Academics are driving the narrative that people who want to live in single family homes that include land are driving housing costs up and preventing lower and middle class Americans from owning homes.
Researchers at the University of Pennsylvania concluded that “restrictive zoning, intensive permitting procedures and state laws that have historically allowed local groups” — or people who want to live in comfortable and safe suburbs — “to block residential development.”
The San Francisco Chronicle reported on the analysis, citing the need for housing in the California Bay Area and how single family homes increase housing costs and decrease housing opportunities:
To quantify this, they estimated the difference between what homeowners in large metropolitan areas across the U.S. are willing to pay for additional land they can have as part of their own lot — but cannot build on or subdivide so they can sell to someone else — and what prospective home builders in those areas are willing to pay for the same amount of land to construct single-family homes on.
The researchers called the difference between how much land actually costs and how much it would cost without restrictive zoning the “zoning tax.” It’s not actually a government tax — just the estimated amount that artificial supply constraints, like zoning laws and permitting delays, add to the price of land across different metropolitan areas.
In a working paper published by the National Bureau of Economic Research, the researchers found that in the San Francisco metropolitan area (which includes San Francisco, Alameda, Contra Costa, Marin and San Mateo counties), the median “zoning tax” for a quarter-acre of land was $409,000 — more than four times the region’s median household income.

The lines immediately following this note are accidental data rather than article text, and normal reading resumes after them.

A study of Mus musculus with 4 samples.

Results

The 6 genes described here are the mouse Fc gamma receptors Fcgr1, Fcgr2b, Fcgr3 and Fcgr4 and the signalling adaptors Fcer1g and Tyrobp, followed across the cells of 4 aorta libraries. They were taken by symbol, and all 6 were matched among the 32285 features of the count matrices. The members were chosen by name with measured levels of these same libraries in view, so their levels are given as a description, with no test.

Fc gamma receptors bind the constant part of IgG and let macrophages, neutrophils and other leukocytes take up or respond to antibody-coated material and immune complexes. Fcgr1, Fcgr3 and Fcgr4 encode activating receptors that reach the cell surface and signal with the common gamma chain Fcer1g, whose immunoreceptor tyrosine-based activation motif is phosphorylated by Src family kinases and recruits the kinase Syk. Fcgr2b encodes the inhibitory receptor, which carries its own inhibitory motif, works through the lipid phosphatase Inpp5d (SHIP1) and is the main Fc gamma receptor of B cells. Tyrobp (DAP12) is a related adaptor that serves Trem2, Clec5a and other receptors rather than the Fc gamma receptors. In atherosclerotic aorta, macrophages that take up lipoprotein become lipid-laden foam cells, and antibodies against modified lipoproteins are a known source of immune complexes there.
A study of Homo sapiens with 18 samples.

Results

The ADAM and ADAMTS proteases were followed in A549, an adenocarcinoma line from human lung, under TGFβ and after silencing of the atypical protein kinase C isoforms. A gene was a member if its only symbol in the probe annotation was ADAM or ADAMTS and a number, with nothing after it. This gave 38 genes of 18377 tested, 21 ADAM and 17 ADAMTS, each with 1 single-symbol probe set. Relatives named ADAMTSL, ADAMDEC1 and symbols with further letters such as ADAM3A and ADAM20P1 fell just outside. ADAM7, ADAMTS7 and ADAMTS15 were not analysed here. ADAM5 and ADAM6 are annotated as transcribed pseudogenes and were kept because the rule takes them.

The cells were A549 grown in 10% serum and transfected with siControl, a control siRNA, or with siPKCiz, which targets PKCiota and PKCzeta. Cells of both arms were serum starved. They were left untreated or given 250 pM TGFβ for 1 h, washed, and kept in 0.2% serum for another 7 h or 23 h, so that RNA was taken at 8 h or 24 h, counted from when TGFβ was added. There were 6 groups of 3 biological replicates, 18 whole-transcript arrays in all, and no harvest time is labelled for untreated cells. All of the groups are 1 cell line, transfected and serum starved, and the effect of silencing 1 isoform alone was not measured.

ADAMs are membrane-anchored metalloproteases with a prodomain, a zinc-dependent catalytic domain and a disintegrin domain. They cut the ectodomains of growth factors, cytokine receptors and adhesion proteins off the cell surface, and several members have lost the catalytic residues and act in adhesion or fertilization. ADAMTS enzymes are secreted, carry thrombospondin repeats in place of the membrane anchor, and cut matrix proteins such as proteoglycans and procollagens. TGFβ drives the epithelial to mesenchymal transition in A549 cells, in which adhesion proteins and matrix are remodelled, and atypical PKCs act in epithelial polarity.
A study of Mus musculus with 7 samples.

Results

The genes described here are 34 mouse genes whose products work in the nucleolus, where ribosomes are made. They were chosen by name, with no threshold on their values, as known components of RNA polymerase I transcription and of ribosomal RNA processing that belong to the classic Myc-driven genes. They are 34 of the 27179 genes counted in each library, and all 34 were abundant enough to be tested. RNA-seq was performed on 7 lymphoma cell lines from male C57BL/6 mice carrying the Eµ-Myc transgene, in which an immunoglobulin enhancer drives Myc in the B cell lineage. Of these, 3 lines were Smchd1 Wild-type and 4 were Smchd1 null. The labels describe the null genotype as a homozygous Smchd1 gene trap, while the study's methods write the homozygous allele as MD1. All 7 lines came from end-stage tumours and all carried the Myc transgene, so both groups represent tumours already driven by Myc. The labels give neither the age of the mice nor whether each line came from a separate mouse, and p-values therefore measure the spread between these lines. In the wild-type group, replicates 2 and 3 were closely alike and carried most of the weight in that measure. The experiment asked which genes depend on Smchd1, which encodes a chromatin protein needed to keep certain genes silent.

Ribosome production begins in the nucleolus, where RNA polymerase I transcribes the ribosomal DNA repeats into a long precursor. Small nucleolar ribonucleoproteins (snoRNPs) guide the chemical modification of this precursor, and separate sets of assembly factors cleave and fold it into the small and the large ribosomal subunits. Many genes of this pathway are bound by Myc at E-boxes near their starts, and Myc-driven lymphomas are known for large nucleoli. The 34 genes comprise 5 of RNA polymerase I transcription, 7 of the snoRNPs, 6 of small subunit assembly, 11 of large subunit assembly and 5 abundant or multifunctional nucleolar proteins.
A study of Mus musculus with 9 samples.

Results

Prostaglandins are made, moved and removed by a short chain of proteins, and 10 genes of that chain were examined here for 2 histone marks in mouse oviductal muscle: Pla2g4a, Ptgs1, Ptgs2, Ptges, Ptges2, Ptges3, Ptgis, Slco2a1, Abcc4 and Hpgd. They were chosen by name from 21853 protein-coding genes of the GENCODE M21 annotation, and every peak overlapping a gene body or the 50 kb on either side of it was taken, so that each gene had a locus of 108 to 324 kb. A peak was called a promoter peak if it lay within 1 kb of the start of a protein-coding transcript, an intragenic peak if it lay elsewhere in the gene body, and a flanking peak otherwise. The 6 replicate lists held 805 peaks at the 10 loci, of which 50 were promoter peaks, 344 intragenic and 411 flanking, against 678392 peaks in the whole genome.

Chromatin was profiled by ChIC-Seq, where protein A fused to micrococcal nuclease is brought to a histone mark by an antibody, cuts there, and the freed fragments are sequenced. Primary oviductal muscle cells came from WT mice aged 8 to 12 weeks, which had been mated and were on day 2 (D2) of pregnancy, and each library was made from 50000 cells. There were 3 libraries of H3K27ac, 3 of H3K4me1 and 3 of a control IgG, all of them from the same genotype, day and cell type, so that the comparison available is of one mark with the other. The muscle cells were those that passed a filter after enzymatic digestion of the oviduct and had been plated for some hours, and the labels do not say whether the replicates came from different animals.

The Chronicle reported that even a Google software developer who makes $200,000 a year would allegedly struggle to buy a house.
“That’s how you know it’s expensive, when Google engineers are getting priced out” of a median home, Joseph Gyourko, an economist at the University of Pennsylvania and the study’s lead author, told the Chronicle.
“And if you’re making closer to a traditionally middle-class wage, forget about homeownership,” the Chronicle reported. “And while his study did not explicitly examine the impact of “zoning taxes” beyond land used to purchase single family homes, Gyourko said it’s likely that these taxes cause apartments and condominiums to be more expensive as well.”